New 'LLMjacking' Attack Exploits Stolen Cloud Credentials

The Sysdig Threat Research Team recently conducted a study on a new cyber attack termed “LLMjacking”, which specifically targets cloud-hosted large language model services by exploiting stolen cloud credentials. These credentials were obtained from a vulnerable version of Laravel (CVE-2021-3120). What makes LLMjacking unique is its focus on selling LLM access to other cybercriminals while the legitimate cloud account owner bears the associated costs. This strategy diverges from previous discussions on LLM-based Artificial Intelligence systems, which mainly centered around prompt abuse and altering training data.

The study revealed that attackers exfiltrated cloud credentials to gain access to the cloud environment, where they specifically targeted local LLM models. Additionally, researchers found evidence of a reverse proxy being utilized to access compromised accounts, indicating a sophisticated level of attack sophistication.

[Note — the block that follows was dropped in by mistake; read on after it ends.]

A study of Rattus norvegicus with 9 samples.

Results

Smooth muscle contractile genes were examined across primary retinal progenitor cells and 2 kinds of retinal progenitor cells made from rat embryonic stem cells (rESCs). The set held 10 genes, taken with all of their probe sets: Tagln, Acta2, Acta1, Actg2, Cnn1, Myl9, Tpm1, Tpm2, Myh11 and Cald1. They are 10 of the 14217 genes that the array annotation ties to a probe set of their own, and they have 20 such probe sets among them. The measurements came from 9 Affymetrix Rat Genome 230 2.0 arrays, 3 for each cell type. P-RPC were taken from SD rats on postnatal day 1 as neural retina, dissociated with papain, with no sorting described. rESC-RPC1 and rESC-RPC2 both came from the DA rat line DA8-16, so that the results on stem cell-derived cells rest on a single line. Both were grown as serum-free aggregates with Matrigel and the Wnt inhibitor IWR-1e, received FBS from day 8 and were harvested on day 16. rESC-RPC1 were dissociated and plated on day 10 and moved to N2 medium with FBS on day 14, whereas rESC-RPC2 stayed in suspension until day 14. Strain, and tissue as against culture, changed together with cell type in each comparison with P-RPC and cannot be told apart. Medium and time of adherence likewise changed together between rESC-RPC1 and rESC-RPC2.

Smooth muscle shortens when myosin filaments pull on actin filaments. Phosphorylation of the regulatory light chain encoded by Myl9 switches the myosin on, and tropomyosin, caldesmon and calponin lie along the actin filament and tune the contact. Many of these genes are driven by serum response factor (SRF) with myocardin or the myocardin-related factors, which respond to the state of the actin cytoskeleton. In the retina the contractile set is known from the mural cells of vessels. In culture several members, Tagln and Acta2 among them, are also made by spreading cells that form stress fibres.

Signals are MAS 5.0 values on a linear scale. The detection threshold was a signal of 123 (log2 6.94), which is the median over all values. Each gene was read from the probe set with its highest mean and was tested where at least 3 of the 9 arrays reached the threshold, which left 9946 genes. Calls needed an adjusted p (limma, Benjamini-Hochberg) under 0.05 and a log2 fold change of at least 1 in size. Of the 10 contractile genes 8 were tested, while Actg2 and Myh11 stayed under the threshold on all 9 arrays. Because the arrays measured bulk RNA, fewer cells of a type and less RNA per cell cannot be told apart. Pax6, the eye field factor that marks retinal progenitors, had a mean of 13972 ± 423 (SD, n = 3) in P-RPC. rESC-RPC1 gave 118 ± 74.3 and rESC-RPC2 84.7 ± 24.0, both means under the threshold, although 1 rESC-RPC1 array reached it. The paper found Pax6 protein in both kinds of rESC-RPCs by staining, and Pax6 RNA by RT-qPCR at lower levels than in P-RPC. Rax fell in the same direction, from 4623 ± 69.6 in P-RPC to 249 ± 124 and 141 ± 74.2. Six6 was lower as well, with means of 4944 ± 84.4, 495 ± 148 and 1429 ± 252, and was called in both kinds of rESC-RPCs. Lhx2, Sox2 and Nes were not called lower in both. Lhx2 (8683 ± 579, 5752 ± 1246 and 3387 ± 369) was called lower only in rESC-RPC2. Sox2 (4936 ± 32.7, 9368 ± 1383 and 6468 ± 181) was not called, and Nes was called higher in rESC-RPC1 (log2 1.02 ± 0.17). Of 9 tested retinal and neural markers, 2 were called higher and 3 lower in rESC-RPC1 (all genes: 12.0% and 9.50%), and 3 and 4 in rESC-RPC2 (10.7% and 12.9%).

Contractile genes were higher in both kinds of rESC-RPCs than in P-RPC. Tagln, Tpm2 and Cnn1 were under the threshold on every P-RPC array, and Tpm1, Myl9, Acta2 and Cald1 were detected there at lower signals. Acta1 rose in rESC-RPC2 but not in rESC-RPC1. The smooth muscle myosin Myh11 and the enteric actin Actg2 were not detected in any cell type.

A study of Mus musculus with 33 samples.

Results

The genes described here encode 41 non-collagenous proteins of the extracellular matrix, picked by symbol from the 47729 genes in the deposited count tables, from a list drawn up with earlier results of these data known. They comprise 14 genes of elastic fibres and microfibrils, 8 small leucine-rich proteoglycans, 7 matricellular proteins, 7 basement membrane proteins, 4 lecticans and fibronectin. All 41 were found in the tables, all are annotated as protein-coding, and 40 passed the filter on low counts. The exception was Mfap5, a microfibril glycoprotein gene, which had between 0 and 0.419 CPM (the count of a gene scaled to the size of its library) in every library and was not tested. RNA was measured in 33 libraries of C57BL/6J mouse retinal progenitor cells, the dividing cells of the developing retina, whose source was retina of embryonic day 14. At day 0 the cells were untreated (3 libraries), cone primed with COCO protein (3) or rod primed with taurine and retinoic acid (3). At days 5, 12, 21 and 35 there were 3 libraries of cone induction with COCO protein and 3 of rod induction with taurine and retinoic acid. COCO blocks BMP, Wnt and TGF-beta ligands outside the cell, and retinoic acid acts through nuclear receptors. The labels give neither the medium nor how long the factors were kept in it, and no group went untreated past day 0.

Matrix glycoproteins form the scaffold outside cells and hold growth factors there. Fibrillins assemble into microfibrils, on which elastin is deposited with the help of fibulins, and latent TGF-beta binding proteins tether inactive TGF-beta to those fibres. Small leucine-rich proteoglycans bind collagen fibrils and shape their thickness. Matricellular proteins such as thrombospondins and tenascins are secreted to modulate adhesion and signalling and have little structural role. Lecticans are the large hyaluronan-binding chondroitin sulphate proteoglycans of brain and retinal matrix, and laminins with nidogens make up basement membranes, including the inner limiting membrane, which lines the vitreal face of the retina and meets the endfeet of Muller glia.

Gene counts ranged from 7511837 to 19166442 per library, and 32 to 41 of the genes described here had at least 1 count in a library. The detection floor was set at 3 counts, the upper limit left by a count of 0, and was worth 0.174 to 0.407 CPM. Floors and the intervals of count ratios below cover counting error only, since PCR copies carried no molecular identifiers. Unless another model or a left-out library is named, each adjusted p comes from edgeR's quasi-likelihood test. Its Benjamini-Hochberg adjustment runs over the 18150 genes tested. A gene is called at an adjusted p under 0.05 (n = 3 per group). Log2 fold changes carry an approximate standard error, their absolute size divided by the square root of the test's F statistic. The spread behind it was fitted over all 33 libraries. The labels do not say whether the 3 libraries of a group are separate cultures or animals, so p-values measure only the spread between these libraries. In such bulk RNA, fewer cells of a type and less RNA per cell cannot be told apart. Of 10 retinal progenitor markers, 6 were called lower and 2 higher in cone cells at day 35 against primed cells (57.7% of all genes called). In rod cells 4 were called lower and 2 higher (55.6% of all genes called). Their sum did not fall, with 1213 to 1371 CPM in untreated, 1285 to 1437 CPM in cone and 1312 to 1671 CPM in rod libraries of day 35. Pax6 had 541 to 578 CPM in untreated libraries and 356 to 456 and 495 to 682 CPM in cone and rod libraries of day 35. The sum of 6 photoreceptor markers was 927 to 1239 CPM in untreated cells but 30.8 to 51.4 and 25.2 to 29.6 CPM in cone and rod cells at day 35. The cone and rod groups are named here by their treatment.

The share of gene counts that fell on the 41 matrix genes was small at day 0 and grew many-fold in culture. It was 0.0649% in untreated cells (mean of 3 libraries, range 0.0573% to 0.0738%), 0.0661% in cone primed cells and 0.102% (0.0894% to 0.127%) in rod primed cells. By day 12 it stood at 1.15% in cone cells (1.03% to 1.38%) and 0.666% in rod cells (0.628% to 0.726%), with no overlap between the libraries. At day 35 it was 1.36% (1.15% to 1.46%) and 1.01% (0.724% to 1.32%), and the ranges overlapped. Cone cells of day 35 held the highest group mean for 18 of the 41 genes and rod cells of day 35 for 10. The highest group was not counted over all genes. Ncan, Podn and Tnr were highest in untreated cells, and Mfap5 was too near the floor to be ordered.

Security Officer Comments:
Researchers highlighted the attackers' innovative approach in exploiting AI models. She emphasized the significant costs associated with LLM usage and how attackers can incur expenses for victims by accessing local LLM models hosted by cloud providers. For example, targeting a local Claude (v2/v3) LLM model from Anthropic could result in over $46,000 of LLM consumption costs per day for the victim. Furthermore, the attackers demonstrated a broad interest in accessing LLM models across different services. They utilized tools to check credentials for ten different AI services, including AWS Bedrock, Azure, and GCP Vertex AI, among others. This indicates a comprehensive and systematic effort by the attackers to exploit vulnerabilities in LLM services across various platforms.

Suggested Corrections:
This attack can be prevented in a number of ways, including:

  • Vulnerability management to prevent initial access.
  • Secrets management to ensure credentials are not stored in the clear where they can be stolen.
  • CSPM/CIEM to ensure the abused account had the least amount of permissions it needed.